The One Cutback Every Small Business Owner Needs


A conversation with a dear friend reminded me that April is Stress Awareness Month. Initially, I chuckled at the thought. Small business owners seldom need a reminder of the ongoing stress associated with business. As my internal laughter subsided, the magnitude of a month designated to make us aware of the degree of stress we experience -- and steps to reduce it -- isn't all bad.

Stress: A Small Business Owner's Constant Companion

Technology, intended to make our lives easier, is overwhelming. Cash flow, or the lack of, influences performance. Workload, even during times of positive growth, can be crushing.

It goes with the territory.

Stress is a chemical reaction that occurs when we feel threatened. It's the "fight or flight" imbedded in our DNA that served our ancestors well in more challenging times.

A little stress is good. It serves as a catalyst for tackling projects and meeting timelines. But, too much... and we're caught in a vicious cycle of diminishing returns.

Stress symptoms are as varied as the causes. They range from subtle to striking. Stress shows up as agitation, moodiness, overwhelm, avoidance, and procrastination. Or, it can be more pronounced as fatigue, headache, forgetfulness, insomnia, and heart palpitations.

No matter the manifestation, it's important to raise awareness to recognize the expressions of stress common to you.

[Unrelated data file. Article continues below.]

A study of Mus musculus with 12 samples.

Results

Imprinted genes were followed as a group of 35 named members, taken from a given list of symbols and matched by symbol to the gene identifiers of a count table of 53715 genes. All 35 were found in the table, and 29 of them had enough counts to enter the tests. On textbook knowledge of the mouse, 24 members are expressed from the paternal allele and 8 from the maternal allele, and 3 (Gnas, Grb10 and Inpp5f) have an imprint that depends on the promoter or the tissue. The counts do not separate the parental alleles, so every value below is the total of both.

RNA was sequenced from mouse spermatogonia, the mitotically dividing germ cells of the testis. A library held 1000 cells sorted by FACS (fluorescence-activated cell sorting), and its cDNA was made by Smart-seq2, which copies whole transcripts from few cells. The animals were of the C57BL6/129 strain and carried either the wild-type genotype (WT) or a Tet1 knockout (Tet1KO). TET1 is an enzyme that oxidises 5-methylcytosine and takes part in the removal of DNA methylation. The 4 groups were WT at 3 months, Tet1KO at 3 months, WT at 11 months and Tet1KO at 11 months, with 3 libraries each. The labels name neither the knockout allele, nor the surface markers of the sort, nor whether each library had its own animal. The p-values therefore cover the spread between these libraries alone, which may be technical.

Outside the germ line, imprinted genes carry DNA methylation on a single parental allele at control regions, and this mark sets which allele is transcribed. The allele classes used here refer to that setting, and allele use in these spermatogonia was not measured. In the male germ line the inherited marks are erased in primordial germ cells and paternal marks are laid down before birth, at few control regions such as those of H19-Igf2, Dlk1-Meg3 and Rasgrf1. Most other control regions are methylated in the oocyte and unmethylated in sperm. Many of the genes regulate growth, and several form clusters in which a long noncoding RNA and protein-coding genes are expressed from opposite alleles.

Stress Reduction: An Inside Job

Frankly, I wish I could purchase "stress reduction" with Amazon Prime or outsource it using Upwork. However, reducing stress -- its causes and symptoms -- is really an internal operation.

Although Google is flush with stress reduction techniques, small business owners remain frazzled. We've yet to challenge the core solution to stress. And, until we do so, other stress management techniques are like putting a band-aid on a gaping wound.

To achieve sustainable stress reduction:

  1. Practice mindfulness.

Mindfulness is a moment-to-moment awareness of our thoughts, feelings, and body sensations. It's paying attention on purpose, suspending all judgment of good or bad, right or wrong. It's objective, neutral thinking that eliminates the emotional reactions that contribute to stress.

  • Create a reserve.
  • Supplement whatever triggers stress with more than is necessary. For instance, if cash flow is producing tension, design (and achieve) a plan to generate more cash than is needed. When you have more to accomplish than time in a day, a strategy that results in more time than to-dos eases the release of stress hormones into your blood stream.

    Yes, it is true -- we've met the enemy and it is us.

    Isn't it time to stop letting stress dictate your business strategy? Take back control, kick stress to the curb and redirect your energy into accelerating your business growth.

    The One Cutback Every Small Business Owner Needs first appeared on Synnovatia's small business growth blog.